Thinking about this, there are several different types of obfuscation. Let's start with obfuscation of source code, which is a complete waste of time; it's hard enough to understand without that! So let's instead focus on obfuscation of the delivery package, of how the code gets delivered to the user.
Minor obfuscation exists to prevent the casual user from poking their fingers in and breaking things easily. It doesn't keep out the determined hacker, but it does have value in helping to ensure that the things you are asked to support are what you've actually delivered. The level of protection required for this sort of thing is really quite low; the delivery package merely has to not look readable and editable (without specialist tools) and that's quite good enough.
Similarly with delivering Java applications. Merely packaging the code into an executable JAR will stop the majority of foolishness, even though it's got all the force of a polite “Please Keep Off The Grass” sign in a city park.
Even when delivering C++ code, stripping the unnecessary symbols from the executable will be enough to qualify as minor obfuscation. The key is that it is awkward to read the result as a user, but not a problem to execute it as a computer.
Major obfuscation is keeping the determined and knowledgeable user out. It's also a total losing game; if a computer can execute it, a person can pick it apart and work out what it does. The closest you could get would be to make the program decrypt itself continually, transforming what it does at one time into a completely different thing that it does at another time. Creating such thing would be rather difficult and still wouldn't keep a really good hacker out (though they would be really quite cross with you by the end of it at the amount of effort required to decrypt all that self-modifying code).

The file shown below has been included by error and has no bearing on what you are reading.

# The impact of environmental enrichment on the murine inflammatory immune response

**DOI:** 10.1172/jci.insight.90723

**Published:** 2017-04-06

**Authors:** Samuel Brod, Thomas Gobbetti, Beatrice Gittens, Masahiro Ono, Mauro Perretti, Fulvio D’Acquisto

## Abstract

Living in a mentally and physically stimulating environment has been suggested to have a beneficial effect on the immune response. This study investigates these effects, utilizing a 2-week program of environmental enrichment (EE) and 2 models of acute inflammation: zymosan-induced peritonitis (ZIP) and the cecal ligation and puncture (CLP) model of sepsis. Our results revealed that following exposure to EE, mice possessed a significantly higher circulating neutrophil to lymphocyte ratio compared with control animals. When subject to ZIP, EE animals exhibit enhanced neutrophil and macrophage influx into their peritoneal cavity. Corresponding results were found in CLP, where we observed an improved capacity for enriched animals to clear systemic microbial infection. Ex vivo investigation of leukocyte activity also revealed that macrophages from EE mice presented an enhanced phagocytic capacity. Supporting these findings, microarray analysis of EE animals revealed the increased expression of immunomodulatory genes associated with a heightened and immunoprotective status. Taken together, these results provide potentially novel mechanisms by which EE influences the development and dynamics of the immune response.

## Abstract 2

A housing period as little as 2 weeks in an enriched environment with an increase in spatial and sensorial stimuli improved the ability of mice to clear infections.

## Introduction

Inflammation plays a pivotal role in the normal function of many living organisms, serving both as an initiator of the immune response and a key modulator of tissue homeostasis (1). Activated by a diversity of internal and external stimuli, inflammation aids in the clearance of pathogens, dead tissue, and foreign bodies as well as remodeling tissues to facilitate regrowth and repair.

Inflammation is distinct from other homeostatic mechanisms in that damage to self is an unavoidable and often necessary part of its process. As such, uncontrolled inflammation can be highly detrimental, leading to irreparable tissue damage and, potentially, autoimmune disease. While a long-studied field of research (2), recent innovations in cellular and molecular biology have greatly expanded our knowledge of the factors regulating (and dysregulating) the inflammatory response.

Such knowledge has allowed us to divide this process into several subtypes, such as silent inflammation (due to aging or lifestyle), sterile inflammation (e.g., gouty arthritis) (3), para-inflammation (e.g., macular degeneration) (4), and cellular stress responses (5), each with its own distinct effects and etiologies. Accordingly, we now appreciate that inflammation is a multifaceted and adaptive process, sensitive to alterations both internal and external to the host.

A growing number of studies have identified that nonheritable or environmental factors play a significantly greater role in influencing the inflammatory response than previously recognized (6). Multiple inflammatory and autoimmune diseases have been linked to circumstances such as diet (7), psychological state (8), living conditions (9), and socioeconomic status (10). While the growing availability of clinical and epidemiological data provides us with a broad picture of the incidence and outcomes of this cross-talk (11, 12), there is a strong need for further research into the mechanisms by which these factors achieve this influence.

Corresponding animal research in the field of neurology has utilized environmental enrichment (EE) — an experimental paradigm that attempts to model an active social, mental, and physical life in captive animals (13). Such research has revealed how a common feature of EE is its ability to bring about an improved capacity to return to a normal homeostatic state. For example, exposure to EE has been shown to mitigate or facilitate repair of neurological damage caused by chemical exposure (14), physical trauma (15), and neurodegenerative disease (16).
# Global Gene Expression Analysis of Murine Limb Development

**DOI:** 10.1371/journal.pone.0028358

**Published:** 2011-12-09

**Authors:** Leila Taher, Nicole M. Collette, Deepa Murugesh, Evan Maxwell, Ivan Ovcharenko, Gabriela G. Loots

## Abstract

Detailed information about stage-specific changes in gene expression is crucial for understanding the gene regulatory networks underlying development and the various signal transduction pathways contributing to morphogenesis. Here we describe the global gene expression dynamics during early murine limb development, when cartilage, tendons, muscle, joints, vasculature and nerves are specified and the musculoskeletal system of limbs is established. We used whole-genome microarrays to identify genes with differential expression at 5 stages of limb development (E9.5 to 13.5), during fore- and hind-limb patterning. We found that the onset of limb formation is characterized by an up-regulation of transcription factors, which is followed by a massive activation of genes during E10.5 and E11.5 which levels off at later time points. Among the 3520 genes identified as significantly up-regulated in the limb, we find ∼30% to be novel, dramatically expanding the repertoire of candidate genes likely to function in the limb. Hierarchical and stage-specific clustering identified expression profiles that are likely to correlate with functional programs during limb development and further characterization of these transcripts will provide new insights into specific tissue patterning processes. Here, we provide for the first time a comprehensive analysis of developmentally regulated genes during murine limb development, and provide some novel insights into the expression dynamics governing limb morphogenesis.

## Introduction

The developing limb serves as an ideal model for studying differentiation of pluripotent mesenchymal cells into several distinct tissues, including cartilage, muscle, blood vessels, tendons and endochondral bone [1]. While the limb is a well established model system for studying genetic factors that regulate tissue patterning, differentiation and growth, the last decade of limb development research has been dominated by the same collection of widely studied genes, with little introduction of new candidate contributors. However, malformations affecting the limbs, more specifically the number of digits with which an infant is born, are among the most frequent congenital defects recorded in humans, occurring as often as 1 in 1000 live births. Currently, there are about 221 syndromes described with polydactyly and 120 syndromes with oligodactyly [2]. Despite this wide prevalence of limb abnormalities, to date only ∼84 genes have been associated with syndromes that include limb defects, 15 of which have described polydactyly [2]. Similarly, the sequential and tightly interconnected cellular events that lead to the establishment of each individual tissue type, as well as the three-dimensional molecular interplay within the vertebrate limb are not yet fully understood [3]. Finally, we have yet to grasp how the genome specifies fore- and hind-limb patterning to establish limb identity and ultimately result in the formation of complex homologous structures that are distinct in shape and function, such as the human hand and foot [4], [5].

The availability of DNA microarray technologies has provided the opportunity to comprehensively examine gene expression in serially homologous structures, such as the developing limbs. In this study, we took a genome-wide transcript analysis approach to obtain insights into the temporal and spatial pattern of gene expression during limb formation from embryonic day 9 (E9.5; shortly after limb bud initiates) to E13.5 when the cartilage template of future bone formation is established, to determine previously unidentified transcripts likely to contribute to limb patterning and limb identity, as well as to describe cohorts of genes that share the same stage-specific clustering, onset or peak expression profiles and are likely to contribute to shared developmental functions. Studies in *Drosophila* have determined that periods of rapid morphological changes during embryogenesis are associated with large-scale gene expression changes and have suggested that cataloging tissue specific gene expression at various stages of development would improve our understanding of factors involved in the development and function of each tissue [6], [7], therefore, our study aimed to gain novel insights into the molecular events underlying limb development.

It's much better to think in terms of other solutions. For example, you could keep the “crown jewels” of the code on servers that you control and only permit service calls to it, making the client an essentially free giveaway that is a front-end to the valuable bits. Or you could go the more contract/legal route, and only hand over executables to organisations that formally agree to not poke around inside your code or compensate you if they do so (so that'd be some sort of NDA). The aim would be to create a strong incentive for the hacker to not hack, and for the users to keep the code away from any hackers not bound by the agreement.
But you must not assume that your code can never be cracked. With virtualisation, any program state of an execution can be examined and tracked, and anything that tries to defeat that (e.g., clock tracking to an external time source) will be much more likely to cause problems for legitimate users than hackers. (See the history of DRM for how even very determined publishers of information can't keep their systems secure once the code is in the hands of their opponents.) It's much better to focus on actually making legit users happy. The losses from the occasional crack will be as nothing compared to the extra money brought in through satisfying customers properly.